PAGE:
Discussion in 'Business Discussions' started by splashweb, Dec 17, 2014.


    splashweb Active Member


    ANY B2C sales of Digital Services, which includes domains and online advertising, will have to be declared for VAT purposes, and charged for to include VAT at the rate relevant to the buyers market. This will then force anyone making these sales to register for VAT in the UK and to make quarterly VAT returns on these sales, irrelevant of whether your turnover is under the UK threshold.

    If you only sell B2B then there's no change, but, by my interpretation, transferring a domain to a private individual in another EU market will count as a B2C sale. Something I shall no longer offer.

    It all sounds like a small business nightmare, designed to level the playing field across Europe, but will embroil sole traders and a like in a significant accounting burden. A simple solution, which is unlikely to happen, would be to have a uniform VAT threshold across Europe. However, the UK threshold is higher than most, so would likely come down, whereas in the Netherlands I gather there is no threshold, VAT is due on all sales.

    Read the details at this page on the gov.uk site.

    Perhaps someone here has more insight into this?
     
  2. Domain Forum

    Acorn Domains Elite Member

     
  3. martin-s United Kingdom

    martin-s Well-Known Member


    We have sold a few products to EU consumers in the past, but like you, won't be any longer. If you're in the EU, you'll need an EU VAT number to work with us.
     
  4. splashweb

    splashweb Active Member

     
  5. invincible

    invincible Well-Known Member


    Looks to me like everyone trading in domain names from the EU will need to become VAT registered.


    (from iPad - K)
     
  6. splashweb

    splashweb Active Member


    I don't see it this way, as these new rules only effect B2C sales.
     
  7. invincible

    invincible Well-Known Member


    How does one reliably define a B2C sale vs a B2B?


    (from iPad - K)
     
  8. splashweb

    splashweb Active Member


    By adding a term for buyers to confirm whether the purchase is for business or personal use and excluding/including the "Non-UK Individual" registrant type when doing transfers (Self Managed & Accredited TAGS) - depending upon which types of sale you'll accept.
     
  9. atlas Canada

    atlas Well-Known Member


    https://www.gov.uk/government/publi...he-vat-mini-one-stop-shop-additional-guidance

    Then from:

    http://www.accountingweb.co.uk/article/vat-digital-services-human-intervention/569688

    It's pretty clear that a domain negotiation, sale, and transfer involves a fair amount of human intervention.
     
  10. splashweb

    splashweb Active Member


    I hadn't appreciated this aspect fully; hopefully "human intervention" will save the day, even when sales are via a "Buy Now" button.

    Hopefully there'll be some clarification as things proceed next year.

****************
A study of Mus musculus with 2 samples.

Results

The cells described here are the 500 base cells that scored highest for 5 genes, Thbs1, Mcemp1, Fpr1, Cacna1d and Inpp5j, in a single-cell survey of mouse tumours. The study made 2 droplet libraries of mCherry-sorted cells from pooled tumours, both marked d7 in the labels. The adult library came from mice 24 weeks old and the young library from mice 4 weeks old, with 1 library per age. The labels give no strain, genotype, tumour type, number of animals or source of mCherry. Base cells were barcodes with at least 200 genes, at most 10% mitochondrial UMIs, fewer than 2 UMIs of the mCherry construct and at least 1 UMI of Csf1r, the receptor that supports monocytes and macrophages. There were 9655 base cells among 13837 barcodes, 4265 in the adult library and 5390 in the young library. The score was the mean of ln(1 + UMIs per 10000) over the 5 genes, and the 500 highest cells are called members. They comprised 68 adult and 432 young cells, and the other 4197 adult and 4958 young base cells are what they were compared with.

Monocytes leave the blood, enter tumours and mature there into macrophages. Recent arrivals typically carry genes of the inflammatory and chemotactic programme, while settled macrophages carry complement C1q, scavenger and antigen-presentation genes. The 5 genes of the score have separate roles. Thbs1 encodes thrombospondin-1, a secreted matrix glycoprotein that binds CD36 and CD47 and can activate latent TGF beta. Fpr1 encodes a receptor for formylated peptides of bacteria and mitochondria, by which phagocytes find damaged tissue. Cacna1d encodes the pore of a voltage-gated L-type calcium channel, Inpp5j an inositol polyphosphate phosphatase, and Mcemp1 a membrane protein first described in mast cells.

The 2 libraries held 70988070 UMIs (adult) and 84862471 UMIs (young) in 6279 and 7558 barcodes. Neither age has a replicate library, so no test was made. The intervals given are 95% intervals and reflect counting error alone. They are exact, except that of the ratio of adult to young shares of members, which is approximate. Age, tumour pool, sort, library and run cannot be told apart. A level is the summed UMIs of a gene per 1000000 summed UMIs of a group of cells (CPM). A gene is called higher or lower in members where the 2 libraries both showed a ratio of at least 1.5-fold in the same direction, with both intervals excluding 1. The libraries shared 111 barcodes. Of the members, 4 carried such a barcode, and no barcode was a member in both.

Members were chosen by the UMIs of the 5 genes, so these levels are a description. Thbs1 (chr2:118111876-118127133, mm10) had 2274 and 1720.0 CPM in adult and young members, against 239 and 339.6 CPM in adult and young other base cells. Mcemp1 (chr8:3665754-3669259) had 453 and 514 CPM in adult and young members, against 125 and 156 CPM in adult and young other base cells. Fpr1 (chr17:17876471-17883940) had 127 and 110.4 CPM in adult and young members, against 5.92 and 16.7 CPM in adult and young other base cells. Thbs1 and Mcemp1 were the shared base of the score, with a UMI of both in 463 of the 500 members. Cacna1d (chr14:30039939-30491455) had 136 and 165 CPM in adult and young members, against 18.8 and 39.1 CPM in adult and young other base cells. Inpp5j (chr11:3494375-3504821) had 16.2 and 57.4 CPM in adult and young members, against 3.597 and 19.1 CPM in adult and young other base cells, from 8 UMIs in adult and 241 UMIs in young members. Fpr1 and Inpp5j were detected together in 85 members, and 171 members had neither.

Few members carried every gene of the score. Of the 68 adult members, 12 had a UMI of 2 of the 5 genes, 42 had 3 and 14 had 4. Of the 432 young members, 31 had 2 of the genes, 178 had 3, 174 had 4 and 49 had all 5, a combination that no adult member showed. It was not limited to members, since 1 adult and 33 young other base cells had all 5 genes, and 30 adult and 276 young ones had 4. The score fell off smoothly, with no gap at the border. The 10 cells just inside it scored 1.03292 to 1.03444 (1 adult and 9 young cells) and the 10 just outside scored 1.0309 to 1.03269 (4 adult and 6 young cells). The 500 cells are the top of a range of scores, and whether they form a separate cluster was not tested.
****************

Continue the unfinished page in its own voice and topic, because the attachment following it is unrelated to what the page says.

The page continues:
11. anthony United Kingdom

    anthony Well-Known Member


    Of more interest is the tacit acknowledgement that a domain name is an asset that attracts VAT, and whether finally we have something to support that domain names are assets, not simply the '...entry in a database...' shit that Nominet hangs it hat on!
     
  12. atlas Canada

    atlas Well-Known Member


    https://www.gov.uk/government/publi...he-vat-mini-one-stop-shop-additional-guidance

    you'll see that a pdf emailed automatically is covered by the new rules, but a pdf emailed manually isn't.
     
  13. martin-s United Kingdom

    martin-s Well-Known Member

     
  14. splashweb

    splashweb Active Member

     
  15. splashweb

    splashweb Active Member


    "Where there is negotiation I definitely agree this would not be the provision of an e-service.

    As for the sale of domain names without negotiation it would depend on the level of ‘human intervention’ If you are saying that when a domain name is purchased from you, you physically have to perform tasks (completing a registration form, filing of paperwork with authorities, communicating with third parties, etc…) before the domain can be registered to your customer I think you could argue that this is not an e-service. If on the other hand you simply click a few buttons, links, log on to a website to tick a box etc… then I would still suggest this is an e-service.

    On this point, if you feel you can justify to HMRC that there is more than no/minimal human intervention should they enquire, you might want to consider that your services do not fall under the new VAT MOSS scheme rules. If this is the decision you make I would recommend you include on you sales invoices something that suggests the sale included some sort of manual service provided by personally by yourself (e.g. Transfer of domain name including negotiation with previous owner / Registration of the domain name xyz.com as per your instructions).

    Sorry I cannot provide a more definite answer but as is often the case with HMRC they leave the rules open to interpretation should they change their own stance at some point in the future."


    What are your own accountants saying about this?